NASDAQ-listed ride-hailing company Uber is now exploring a subscription model to offer bundle of its services. The combination of services available on this monthly pass would reportedly include Uber rides, Uber Eats and JUMP (bike and scooter) rides.
The variants of this subscription service are being tested in San Francisco and Chicago. This service includes a fixed discount on every ride, free UberEats delivery and free rides on their scooter service, JUMP. This subscription pass will cost $24.99 per month.
Also in other cities, Uber is testing lower-priced passes that offer discounted rides and free delivery on Eats orders above a certain amount.
An Uber spokesperson reportedly said, “From meals to wheels and everything in between, we’re always looking for ways to make Uber the go-to option for your everyday needs.”
A monthly subscription model is nothing new for Uber. The company had introduced Ride Pass in October last year. At a standard monthly fee based on the distance you choose, a rider can buy a ride pass for their Uber rides.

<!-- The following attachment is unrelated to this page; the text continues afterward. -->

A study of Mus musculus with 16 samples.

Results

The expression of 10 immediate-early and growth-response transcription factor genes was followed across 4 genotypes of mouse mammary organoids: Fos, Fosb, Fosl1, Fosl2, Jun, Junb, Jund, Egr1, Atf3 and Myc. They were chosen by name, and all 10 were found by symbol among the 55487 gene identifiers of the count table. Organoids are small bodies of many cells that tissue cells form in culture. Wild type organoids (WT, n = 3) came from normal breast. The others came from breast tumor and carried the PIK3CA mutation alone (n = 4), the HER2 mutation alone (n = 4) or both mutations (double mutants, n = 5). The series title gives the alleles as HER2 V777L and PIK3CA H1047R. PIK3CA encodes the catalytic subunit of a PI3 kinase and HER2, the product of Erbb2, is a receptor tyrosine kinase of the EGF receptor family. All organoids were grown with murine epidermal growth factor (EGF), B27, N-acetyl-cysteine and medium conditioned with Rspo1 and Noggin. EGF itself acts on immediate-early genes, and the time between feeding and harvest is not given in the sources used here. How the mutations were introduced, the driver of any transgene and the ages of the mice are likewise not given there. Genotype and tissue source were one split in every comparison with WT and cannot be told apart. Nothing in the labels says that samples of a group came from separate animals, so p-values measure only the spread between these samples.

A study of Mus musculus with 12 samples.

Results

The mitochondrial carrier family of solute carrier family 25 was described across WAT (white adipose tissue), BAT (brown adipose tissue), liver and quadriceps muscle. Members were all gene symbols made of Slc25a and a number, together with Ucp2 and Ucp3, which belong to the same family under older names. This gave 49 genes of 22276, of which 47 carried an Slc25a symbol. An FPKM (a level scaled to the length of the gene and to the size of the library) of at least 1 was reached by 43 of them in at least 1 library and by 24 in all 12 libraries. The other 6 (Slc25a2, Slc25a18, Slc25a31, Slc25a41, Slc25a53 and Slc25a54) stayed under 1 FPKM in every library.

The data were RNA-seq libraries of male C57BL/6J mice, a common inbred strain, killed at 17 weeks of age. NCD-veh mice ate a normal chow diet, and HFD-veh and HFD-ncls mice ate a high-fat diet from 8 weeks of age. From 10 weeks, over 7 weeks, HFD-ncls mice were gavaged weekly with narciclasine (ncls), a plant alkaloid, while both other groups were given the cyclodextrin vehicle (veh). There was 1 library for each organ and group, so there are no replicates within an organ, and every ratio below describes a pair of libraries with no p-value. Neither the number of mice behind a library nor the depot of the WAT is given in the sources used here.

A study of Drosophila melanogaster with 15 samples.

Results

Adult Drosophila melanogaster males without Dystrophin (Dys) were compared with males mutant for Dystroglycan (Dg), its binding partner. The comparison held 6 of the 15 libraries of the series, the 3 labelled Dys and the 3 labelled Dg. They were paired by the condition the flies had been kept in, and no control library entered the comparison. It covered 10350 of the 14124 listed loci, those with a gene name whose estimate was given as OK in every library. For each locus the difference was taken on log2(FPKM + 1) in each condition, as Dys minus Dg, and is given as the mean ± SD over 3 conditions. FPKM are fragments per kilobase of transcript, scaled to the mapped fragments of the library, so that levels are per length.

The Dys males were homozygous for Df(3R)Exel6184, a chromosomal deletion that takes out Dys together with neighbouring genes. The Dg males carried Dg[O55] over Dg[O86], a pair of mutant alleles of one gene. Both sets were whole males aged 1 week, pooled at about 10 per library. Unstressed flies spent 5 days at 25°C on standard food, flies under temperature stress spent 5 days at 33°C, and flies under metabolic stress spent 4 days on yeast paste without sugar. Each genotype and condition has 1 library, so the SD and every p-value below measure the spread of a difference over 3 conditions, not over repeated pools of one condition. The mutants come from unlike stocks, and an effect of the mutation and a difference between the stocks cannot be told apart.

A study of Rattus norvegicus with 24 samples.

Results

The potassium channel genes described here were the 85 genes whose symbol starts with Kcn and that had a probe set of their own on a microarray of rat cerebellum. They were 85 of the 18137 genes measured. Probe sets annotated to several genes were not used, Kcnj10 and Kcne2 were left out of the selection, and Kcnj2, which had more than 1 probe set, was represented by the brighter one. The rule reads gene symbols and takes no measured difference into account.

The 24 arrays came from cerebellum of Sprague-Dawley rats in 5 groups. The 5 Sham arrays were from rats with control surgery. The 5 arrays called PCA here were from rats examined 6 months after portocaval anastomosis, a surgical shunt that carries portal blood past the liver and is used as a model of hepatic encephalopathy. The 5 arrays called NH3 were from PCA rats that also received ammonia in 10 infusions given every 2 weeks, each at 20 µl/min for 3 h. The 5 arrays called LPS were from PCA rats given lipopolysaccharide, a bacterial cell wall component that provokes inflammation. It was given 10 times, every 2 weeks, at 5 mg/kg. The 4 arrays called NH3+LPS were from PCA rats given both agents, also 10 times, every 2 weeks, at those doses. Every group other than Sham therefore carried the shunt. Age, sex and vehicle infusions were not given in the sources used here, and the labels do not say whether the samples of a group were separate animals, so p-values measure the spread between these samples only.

However, a combination of services for Uber Eats, scooters and rides is a new phenomenon for the company. Though this makes complete sense and would be a lucrative move for Uber, as it locks customers into spending more money on Uber.
In India, Uber’s arch rival Ola already offers a subscription model similar to Uber’s Ride pass. Today, subscription-model has become an essential part of businesses. From SaaS to fintech to media and entertainment, every industry is today bouncing on the opportunities of creating a stickier user base through subscriptions.
Particularly for micro-mobility segment, where the challenge includes brand loyalty for both— drivers and customers. While for drivers, Uber has been experimenting with benefits such as education etc, for customers, a subscription model may crack its returns.
Horace Dediu, cofounder of Micromobility Industries, has suggested micro-mobility companies to offer a subscription model which goes door-to-door making it seamless.
The development also seeks relevance at a time when Uber has been struggling to stick ground in India. The number of daily rides has increased by a mere 4%, from 3.5 Mn to 3.65 Mn in the past six months.
Industry experts and sources said that customers today see longer wait times — from an average 2-4 minutes two years back to 12-15 minutes now. This is coupled with higher fares, around 15-20% in non-peak hours in major cities.
Uber went public in May, and has accepted that it may never make profits. The value it has created in the urban mobility across the world coupled with its dominated markets such as the US continue to support its ambitions. Even though in India, the company has been slowly losing its battle for market dominance and settling for being the number two after Ola.